One of the most common questions we hear is, “Which investment should I choose?”
Our answer is this: Consider a diversified investment like Conservative, Moderate, or Aggressive Mix.
Think about these three investments like they’re classic cocktails.
Take for example, a martini. Sure it’s a little on the dry side, but you can come back to it time and time again because you just can’t beat a classic.
What kind of cocktail do you like? We’re mixing and serving them up to you fresh. We’ve got three different recipes: Conservative, Moderate, and Aggressive Mix. Learn more about the mixes, and choose one that reflects your investing goals.
Start by reading the ingredients.
The mixes are like classics, designed to provide broad exposure to different asset classes and geographies according to your risk appetite. Each of the mixes are ‘allocation funds’. These provide exposure to a broad mix of global stocks, bonds, and cash, which make up the three classic ingredients.
This investment includes a mix of stocks from the US, Europe, and Asia. There’s a blend of small and large companies across many different industries, including the stocks of each of the 500 largest public companies in the US.*.
The investments also include three different bond funds: IUSB, CRED and GOVT*. Bonds, especially those issued by investment grade institutions such as governments and large corporations, are traditionally regarded as stable investments.
What’s the difference between these three mixes?
All three of the funds have the same top 10 holdings. The difference is asset allocation. That’s a fancy way of saying a certain ratio or weighting of investments or ingredients. When you’re building your classic investing cocktail, choose the ratio that suits your taste and appetite for risk.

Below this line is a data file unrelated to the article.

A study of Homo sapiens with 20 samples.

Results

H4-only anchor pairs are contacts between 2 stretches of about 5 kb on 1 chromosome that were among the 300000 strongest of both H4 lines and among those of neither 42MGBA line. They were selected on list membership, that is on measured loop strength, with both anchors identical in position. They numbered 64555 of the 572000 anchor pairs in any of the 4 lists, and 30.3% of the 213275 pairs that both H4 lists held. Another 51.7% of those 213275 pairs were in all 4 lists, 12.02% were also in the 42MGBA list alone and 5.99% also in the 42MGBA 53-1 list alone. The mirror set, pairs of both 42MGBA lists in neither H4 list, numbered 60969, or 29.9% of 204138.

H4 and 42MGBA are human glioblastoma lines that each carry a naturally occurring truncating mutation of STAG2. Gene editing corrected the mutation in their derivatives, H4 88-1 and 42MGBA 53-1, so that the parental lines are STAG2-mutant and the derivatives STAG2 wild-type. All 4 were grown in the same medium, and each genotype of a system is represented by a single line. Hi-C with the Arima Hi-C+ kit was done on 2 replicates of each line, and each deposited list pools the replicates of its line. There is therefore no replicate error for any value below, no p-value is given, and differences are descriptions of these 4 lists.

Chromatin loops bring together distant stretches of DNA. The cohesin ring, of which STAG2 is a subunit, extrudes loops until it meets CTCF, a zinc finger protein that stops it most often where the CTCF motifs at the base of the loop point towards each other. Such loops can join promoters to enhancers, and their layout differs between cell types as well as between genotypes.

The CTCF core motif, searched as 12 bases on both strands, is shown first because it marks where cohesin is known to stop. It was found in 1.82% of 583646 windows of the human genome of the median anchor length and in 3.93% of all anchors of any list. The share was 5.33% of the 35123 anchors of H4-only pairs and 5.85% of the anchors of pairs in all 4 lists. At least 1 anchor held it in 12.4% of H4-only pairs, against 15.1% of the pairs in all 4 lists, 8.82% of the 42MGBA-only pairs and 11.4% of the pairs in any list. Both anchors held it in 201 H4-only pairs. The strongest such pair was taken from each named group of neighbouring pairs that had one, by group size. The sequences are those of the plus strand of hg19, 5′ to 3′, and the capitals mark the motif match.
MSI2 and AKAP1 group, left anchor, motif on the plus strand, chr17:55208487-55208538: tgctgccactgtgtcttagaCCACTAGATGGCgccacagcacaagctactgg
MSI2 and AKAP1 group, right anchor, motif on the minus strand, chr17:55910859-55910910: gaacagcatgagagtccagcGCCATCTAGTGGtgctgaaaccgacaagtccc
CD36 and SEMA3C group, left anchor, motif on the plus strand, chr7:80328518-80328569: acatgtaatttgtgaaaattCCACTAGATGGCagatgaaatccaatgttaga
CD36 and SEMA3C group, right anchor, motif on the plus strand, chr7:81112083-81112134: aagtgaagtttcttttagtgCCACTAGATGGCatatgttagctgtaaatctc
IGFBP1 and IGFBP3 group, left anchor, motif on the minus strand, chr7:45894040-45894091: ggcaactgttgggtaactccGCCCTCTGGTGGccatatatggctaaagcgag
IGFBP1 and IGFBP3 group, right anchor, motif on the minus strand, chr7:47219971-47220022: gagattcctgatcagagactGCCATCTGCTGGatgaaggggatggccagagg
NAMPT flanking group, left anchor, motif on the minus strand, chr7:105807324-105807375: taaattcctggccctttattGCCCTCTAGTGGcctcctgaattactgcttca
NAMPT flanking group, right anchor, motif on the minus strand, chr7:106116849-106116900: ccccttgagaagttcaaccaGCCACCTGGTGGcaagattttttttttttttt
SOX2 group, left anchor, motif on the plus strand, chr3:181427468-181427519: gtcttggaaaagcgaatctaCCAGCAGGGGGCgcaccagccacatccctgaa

Taste? Ratio? Why does that matter?
Investing is about balancing the sweet taste of reward with the bitter reality of risk. As the risk profile increases, you generally have the potential for higher returns and a greater risk of loss. By sticking with a lower risk investment you are targeting slower, steadier growth. Stocks have historically been more volatile than investment-grade bonds, and are generally considered to be higher risk investments.
Take a look at asset allocation in action:
Conservative Mix has the highest percentage of bonds out of all three.
Bonds are generally lower risk, lower reward. That makes this conservative.
Moderate Mix has a more balanced ratio of stocks to bonds.
Increasing the risk a little bit, to increase the potential reward.
Aggressive Mix is more heavily weighted toward stocks.
Higher risk, higher potential for reward.
It’s time to order off the menu. Tell me the surgeon’s general warning!
We believe that you should choose just one Mix level that reflects your risk profile and investment goals, rather than invest in all three. This is an investment you can start on Auto-Stash to automatically invest according to your desired schedule and, in the process, take advantage of Dollar-Cost Averaging. Don’t stress about whether the prices go up or down a little from one day to the next. Just keep investing, and hold them for the long term.
*The Standard & Poor’s 500 (S&P 500) is an unmanaged group of securities considered to be representative of the stock market in general. It is a market value weighted index with each stock’s weight in the index proportionate to its market value.
Note: These are just a few of the investment choices available on Stash and may not be suitable for everyone. Depending on your risk profile, you may not see the investments on Stash. See our Disclosures.
ETFs may not be appropriate for all investors. To determine if these ETFs are an appropriate investment for you, carefully consider the ETF’s investment objectives, risk factors and charges and expenses before investing. This and other information can be found in the ETF’s prospectus. ETFs are subject to risks similar to those of other diversified portfolios. Although ETFs are designed to provide investment results that generally correspond to the performance of their respective underlying indices, they may not be able to exactly replicate the performance of the indices because of expenses and other factors.